AT some point in our lives, we may not be able to be the caregiver who’s able to completely take care of our loved one. This might be due to location or distance where the separation may not be by choice. We all have our own lives to lead and destinies to fulfil.

When something like this happens and our loved ones, such as our parents, child or a family member is ill, we suddenly have to look at our options.

Do we move back? Do we commute? Or do we stay put and do the best we can under the circumstances?

Long-distance caregiving isn’t easy. It’s filled with challenges and you’re quite often riddled with guilt because you can’t be there to do it. This guilt usually sneaks in when something goes wrong and you’re so far away. The distance makes you feel helpless.

At such times, you’ll find it a blessing when someone in the family is there, willing and able to be with the loved one 24/7. As you make a compromise of sorts, you should choose to stay involved.

One of the things you can do as a long-distance caregiver is to be organised and to always be in touch with the primary caregiver. You can still do quite a lot for the family even though you’re far away.

MAKING IT COUNT

To begin with, you could help by giving some input on the situation. If you’re Internet-savvy, you can scour for information so that everyone is up to date with the latest information on the illness and disease management. This helps future discussions with the doctors.

You can make video calls to your loved one to bridge the distance. You never know how precious it is to hear the voice of the one you love, and it’s a bonus when you can also make visual contact.

You can still be involved in the day-to-day events if you’re aware of the nitty gritty of the situation, not just from the health angle but also the challenges that the primary caregiver faces.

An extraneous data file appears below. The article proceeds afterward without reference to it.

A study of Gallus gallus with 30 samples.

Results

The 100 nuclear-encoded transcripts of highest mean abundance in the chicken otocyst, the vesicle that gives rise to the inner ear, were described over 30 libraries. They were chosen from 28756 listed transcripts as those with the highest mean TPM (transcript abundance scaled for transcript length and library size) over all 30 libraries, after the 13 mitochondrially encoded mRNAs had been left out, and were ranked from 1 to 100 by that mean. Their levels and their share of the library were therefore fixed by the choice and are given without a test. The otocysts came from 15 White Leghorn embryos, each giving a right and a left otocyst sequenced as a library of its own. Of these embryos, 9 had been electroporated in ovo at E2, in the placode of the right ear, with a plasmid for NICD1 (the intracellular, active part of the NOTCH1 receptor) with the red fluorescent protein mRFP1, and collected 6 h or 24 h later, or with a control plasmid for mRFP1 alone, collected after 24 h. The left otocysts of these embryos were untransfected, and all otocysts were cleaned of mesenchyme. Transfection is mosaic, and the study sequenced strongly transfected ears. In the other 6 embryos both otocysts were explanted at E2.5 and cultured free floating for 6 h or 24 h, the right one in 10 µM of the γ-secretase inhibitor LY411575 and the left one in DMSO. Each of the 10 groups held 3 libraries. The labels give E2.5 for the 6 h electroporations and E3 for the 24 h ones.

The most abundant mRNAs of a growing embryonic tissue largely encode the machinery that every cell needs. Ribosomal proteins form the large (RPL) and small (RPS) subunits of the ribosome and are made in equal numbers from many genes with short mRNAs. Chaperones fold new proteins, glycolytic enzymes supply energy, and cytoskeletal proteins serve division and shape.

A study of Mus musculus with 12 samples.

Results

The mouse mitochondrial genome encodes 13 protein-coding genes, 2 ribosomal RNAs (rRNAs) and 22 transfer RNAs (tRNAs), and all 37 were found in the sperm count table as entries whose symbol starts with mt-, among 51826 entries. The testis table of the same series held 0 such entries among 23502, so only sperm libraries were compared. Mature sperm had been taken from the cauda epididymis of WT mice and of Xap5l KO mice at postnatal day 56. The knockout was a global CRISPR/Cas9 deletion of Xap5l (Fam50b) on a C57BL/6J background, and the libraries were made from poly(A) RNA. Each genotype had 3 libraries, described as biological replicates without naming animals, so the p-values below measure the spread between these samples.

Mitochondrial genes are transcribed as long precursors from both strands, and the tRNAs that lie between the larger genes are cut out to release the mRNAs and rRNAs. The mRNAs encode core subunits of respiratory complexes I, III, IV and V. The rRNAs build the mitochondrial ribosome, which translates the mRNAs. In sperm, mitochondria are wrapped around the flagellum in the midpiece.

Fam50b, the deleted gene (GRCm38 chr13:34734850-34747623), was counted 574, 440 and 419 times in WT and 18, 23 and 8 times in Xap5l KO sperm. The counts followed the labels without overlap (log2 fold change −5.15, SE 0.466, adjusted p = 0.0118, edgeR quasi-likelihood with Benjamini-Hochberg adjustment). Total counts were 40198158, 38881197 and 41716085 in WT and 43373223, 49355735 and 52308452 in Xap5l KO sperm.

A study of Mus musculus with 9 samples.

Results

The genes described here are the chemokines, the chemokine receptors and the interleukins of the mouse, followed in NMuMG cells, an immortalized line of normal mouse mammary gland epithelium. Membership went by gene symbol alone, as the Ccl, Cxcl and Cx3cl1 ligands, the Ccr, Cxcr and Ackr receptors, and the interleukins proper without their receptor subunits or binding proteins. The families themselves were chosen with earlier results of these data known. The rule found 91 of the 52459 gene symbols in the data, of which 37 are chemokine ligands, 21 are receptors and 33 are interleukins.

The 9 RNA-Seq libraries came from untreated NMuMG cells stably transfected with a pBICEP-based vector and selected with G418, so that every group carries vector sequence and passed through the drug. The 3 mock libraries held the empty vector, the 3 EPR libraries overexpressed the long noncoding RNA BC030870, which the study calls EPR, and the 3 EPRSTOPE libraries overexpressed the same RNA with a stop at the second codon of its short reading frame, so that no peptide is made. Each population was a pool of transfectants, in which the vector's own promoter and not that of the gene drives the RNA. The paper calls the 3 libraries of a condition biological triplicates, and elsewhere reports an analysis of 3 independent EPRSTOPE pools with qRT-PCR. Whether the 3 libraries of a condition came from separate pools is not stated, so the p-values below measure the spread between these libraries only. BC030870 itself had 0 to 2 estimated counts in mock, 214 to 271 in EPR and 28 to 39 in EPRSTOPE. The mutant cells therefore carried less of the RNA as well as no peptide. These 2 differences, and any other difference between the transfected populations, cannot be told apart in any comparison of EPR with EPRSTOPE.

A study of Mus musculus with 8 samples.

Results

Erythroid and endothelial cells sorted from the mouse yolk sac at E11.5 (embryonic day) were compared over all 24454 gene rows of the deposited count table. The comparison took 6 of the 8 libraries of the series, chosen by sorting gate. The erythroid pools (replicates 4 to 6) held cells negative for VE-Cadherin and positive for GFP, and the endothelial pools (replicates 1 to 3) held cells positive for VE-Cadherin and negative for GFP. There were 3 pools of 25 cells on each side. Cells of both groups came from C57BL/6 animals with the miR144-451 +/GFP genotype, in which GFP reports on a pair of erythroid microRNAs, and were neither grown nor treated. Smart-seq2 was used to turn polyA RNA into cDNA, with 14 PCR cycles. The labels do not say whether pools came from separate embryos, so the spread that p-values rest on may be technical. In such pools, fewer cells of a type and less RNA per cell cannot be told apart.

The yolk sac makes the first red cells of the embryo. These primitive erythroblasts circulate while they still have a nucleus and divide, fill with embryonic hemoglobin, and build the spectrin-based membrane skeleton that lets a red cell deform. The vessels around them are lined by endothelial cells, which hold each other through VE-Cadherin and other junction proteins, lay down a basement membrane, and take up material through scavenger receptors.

For example, it could be the situation at home where the loved one’s room needs to be more handicap-friendly.

It could also pertain to money matters. Every contribution helps to defray costs, especially if you have to hire outside assistance or private nursing.

On your visits home, check the current status for yourself. Sometimes, by looking at things with fresh eyes, you’d be able to note things better than someone who sees it every day.

Are there any changes in looks or behaviour, has he lost or gained weight, etc?

Do things to make your visits special, like taking your loved one out shopping or even accompanying him to one of the doctor’s appointments.

CHECKING IN

The best way to know the current state of affairs is to have family meetings when you come home. This was how it worked for my family when my late parents were ill.

There were seven of us. Two of my three sisters lived with my parents. My other sister, along with my two brothers, lived out of the Klang Valley while the third brother lived abroad. I lived close enough to my parent so I was there nearly every day.

The sisters would check in on each other on a daily basis. I’m the one who usually accompanied my parents for all hospital visits, whether for check-ups, treatments, admissions or discharge.

One of my sisters would ensure that there’d always be transport to take them to the hospital if I had to come from somewhere else.

Another sister would make sure all at home is well in terms of running of the home and kitchen. The other sister would always take the night shift if either parent ever needed to be admitted to the hospital.

Since all three brothers weren’t in town, they kept in close touch with the sisters. But when they did return to stay at my parents, they gave us the opportunity to take a break.

Of course this also called for a family reunion of sorts where we got the chance to discuss all angles of the situation, including air grouses and addressing what needed to be done. Some of the things we discussed were situations and emergencies that had occurred and what we needed to do if it happened again.

When you live far away, ensure you set aside time and money in case you need to make an unexpected trip home for an emergency. Sometimes the distance makes you closer because you take nothing for granted.

Putri Juneita Johari volunteers for the Special Children Society of Ampang. She can be reached at [email protected].